After seven Premier League games, with the team 14th in the table, and within 24 hours of the final whistle blowing on a dismal defeat against Leeds at Elland Road, Watford sacked Xisco Muñoz as head coach and opened negotiations with Claudio Ranieri.
Should he be appointed, Ranieri would have the international break to introduce the players to his methods, followed by a nightmare run of eight games in which opponents include Liverpool, Chelsea, both Manchester clubs, Arsenal, Everton and Leicester.
Muñoz becomes the sixth permanent appointee to leave the club since May 2017 but, though the regularity with which Watford have changed their head coach since Gino Pozzo bought the club in 2012 has been widely mocked, the results have been impressive: two promotions, an FA Cup final and six seasons in the Premier League, with one relegation from which they immediately bounced back. Other than Sean Dyche – the first to fall, a week after Pozzo’s takeover – and Billy McKinlay, who lasted only eight days in 2014, it is hard to argue that any of their decisions has been premature. The issue has been not with the firing but with the hiring.
Ranieri, who turns 70 this month and left Sampdoria at the end of last season, is clearly not intended to be a long-term solution. His arrival would, however, comprehensively solve the most significant issue with Watford’s previous coaching team, which was inexperience and tactical naivety – just as Muñoz comprehensively improved upon the most obvious problem with his predecessor, the surly, sour Vladimir Ivic. And so the cycle will restart, with the new coach destined to last as long as it takes for his primary failing to be identified and become genuinely debilitating.
Though seven points seems a fairly healthy return from the first seven games after promotion, Watford’s fixtures have been kind and their performances poor, bar the visit to an even more hapless Norwich and an opening-day win over Aston Villa, who were dealing with a Covid outbreak and appeared to have been expressly set up for the benefit of Ismaïla Sarr.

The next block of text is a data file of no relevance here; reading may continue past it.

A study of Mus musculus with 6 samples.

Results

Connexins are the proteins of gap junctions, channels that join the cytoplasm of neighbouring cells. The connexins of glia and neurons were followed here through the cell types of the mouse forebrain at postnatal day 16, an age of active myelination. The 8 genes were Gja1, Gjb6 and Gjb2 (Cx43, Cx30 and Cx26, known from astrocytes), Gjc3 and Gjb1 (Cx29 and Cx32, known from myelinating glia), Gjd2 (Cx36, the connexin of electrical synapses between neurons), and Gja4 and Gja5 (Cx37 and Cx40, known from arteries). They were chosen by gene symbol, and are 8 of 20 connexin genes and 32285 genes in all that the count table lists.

In their last two games they drew 1-1 at home to Newcastle and lost narrowly at Leeds on Saturday, but in both matches were comprehensively outplayed, as they had been by Wolves and Brighton. In a statement Watford said that “recent performances strongly indicate a negative trend at a time when team cohesion should be visibly improving”.
For many who have regularly watched Watford over the nine months or so the surprise was not how quickly Muñoz was despatched but how long he stayed – and this despite accumulating the best win percentage of any manager in Watford’s history, leading the team to a promotion secured with a run of 14 wins and three defeats in 18 league games, and being a popular, warm and enthusiastic individual.
The team’s tactical disorganisation and their coach’s inability to remedy issues in-game was evident even during the canter back to the Premier League, when there were few genuinely impressive performances but, after a tactical reorganisation forced by injuries, an exceptional defence and in Sarr a player of outstanding quality in a pandemic-weakened division were ultimately enough.
Conscious of the manager’s popularity and the likely media backlash, Pozzo did not act over the summer but in the top flight the failings of a coach whose experience before arriving at Vicarage Road amounted to a handful of games in Georgia have been even more exposed.
“A wonderful journey [has] concluded in a way that I neither expected nor wished for,” Muñoz said. “I’ve got nothing but gratitude for the club that gave me the opportunity to start my first adventure in this exciting country. I will always be a Watford fan.”